Firstly, yes the TV is going ahead. Secondly, this is what I plan to say - just in case I get sidetracked, get stage fright or don't have enough time to say it...
Back in the summer of 2009 my son developed an eating disorder, but it was weeks before I realised this was happening. Yes, he'd been quite plump at primary school. He'd also been quiet and not very sporty, although good at rugby. Once at senior school he became very sporty. It was a school that encouraged healthy participation in sport and pupils who were good at sport carried a kind of kudos. Ben took up loads of different sports, the puppy fat fell off him, he became tall, handsome and athletic, and he became confident and very popular in his social group. He was positively thriving.
Then, over the summer of 2009, everything imploded. It happened gradually and never in a million years did I worry that my son might be developing an eating disorder. Eating disorders happened to girls, not boys. And, anyway, I held the popular (but incorrect) belief that these children simply need a stern talking to. "Just tell them to eat" and not be silly, and they would.
The quicker you nip these things in the bud the better the chances of a swifter recovery. With us, not only did it take ages for us to realise what was going on, but it took yet more time to persuade our GP that something was wrong. Then we had to wait up to 6 months for treatment to start. By the time Ben started to receive treatment it was 8 or 9 months after the first storm clouds had started to gather. Far too long, in my opinion.
Also, during this time, I realised I had to go through a massive learning curve - more intense than anything I'd done at university. I needed to know the latest eating disorder thinking and scientific evidence inside out. I needed to know what to do and who I could turn to, especially during those dark months before treatment started. Heck, I didn't even know what NHS treatment was available because the GP never explained it to me.
Also there's so much rubbish out there about eating disorders, and so much outdated thinking. You have to know how to sift the wheat from the chaff or you could end up barking up a wrong and potentially dangerous tree.
And all this while you're panicking at what's happened to your family and trying desperately to save your child's life.
On top of this, it quickly becomes clear that you, as a parent, are going to have to take the lion's share of your child's treatment and care. To all intents and purposes you become their physician. Remember, your child only spends 60 minutes a week or so with the treatment team. Outside of that time a heck of a lot of damage can be done, very quickly, unless you fight the anorexia or other eating disorder yourself, as a parent - using methods that have been proven to work for other families.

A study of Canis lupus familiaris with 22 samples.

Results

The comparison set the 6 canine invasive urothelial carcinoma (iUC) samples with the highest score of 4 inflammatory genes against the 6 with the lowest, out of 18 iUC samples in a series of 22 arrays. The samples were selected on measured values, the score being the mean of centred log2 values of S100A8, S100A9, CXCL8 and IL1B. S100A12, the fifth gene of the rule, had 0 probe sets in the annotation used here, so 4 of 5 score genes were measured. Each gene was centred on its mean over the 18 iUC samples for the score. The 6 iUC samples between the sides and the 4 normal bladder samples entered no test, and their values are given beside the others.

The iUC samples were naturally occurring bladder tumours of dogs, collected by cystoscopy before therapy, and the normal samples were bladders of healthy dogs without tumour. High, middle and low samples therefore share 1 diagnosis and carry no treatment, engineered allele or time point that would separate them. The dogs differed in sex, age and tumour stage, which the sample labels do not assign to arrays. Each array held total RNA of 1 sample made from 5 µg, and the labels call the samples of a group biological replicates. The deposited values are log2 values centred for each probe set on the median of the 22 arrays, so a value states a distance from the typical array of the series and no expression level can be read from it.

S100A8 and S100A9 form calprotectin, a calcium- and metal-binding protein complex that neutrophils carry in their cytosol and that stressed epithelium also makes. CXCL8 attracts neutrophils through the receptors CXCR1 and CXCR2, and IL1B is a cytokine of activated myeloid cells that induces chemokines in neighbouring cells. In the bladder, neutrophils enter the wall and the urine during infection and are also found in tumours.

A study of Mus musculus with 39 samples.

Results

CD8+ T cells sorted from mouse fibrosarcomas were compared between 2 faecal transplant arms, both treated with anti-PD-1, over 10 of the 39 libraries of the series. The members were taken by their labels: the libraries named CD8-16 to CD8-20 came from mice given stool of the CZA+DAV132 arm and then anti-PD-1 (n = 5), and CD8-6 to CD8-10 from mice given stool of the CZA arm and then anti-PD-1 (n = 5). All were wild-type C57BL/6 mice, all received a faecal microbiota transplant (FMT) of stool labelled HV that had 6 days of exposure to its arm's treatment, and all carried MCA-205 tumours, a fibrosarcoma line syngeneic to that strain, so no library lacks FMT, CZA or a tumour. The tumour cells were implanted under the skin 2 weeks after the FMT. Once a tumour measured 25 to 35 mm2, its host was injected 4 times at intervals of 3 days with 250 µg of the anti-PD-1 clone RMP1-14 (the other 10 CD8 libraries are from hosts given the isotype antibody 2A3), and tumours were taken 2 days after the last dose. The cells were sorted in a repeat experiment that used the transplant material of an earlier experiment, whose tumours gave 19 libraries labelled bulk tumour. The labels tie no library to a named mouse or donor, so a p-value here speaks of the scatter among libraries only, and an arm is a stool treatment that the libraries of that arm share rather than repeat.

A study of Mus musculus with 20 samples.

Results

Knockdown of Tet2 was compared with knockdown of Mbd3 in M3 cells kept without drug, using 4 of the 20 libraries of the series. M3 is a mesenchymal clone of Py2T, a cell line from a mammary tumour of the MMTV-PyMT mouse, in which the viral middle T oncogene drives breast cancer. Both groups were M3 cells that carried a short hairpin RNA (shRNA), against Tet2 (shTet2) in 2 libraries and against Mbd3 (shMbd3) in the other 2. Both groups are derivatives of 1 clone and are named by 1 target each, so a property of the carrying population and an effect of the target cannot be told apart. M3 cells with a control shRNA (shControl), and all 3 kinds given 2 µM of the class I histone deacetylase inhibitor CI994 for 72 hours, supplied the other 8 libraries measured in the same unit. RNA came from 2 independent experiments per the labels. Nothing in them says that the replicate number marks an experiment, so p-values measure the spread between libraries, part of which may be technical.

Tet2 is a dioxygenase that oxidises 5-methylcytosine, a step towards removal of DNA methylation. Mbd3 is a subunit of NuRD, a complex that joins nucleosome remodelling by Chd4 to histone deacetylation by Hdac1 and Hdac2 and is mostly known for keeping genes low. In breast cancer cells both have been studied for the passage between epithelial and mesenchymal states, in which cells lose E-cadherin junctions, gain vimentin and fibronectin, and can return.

So you have to know exactly what to do - and then you have to do it. You have no choice. And whenever you feel you can't go on any longer, you have to find a second wind somehow - and third, and a fourth. You are in this for the duration whether you like it or not, because the alternative could be to lose your precious child to this potentially fatal illness.
Because all of this took a heck of a lot of time and energy, at a time when I could ill afford both because of the panic over how to rescue my son from this terrible illness, I want to avoid this happening to other parents of boys with eating disorders.
Through my blog I want to do everything in my power to 'fast track' other parents through this massive learning curve, to point them to the good information and support out there and help them avoid what isn't helpful or is plain destructive.
I also want to show that whatever they are going through, the chances are that other parents have been through it too - and to show how they coped. The Plan As, Bs, Cs, Ds... even Xs, Ys, and Zs - even to start at the beginning of the alphabet again if needs be... you need to devise to find solutions to an illness where logic and rational thinking has been thrown out of the window.
And which could kill your child.
We want our children to survive this illness and develop into happy, healthy, normal adults who don't relapse back into it. Anorexia has already stolen years from our child's life; we refuse to let it steal any more.
For those who might accuse me of being a 'control freak' or being 'overprotective' of my son, I'd ask what they would do if they found their child was suffering from a life-threatening illness. I'd hazard a guess that they'd fight tooth and nail and basically do whatever it takes, even walk on coals, to save their child's life as quickly as is humanly possible.
That's not 'control' or 'overprotection', that's love.
...Or I plan to say something along those lines.
Which is already far too long and a bit like a lecture.
I just want to avoid being dragged down the 'size zero media' route, or the 'diet gone too far' route - and to get across that eating disorders aren't just about eating - they're about all the other changes that take place in a child's body and mind as a result of the malnutrition.
The way it damages internal organs (e.g. when Ben's pulse went down to 29bpm... twice...) and bones. The way it can make children suicidal. And the way it can change a happy normal human being into someone who appears to have gone completely insane... day after day after day...
And the way that rational thinking and reasoning go out of the window.
Oh and, of course, the way it can and does happen to boys as well as girls.
Yep, something like that at any rate.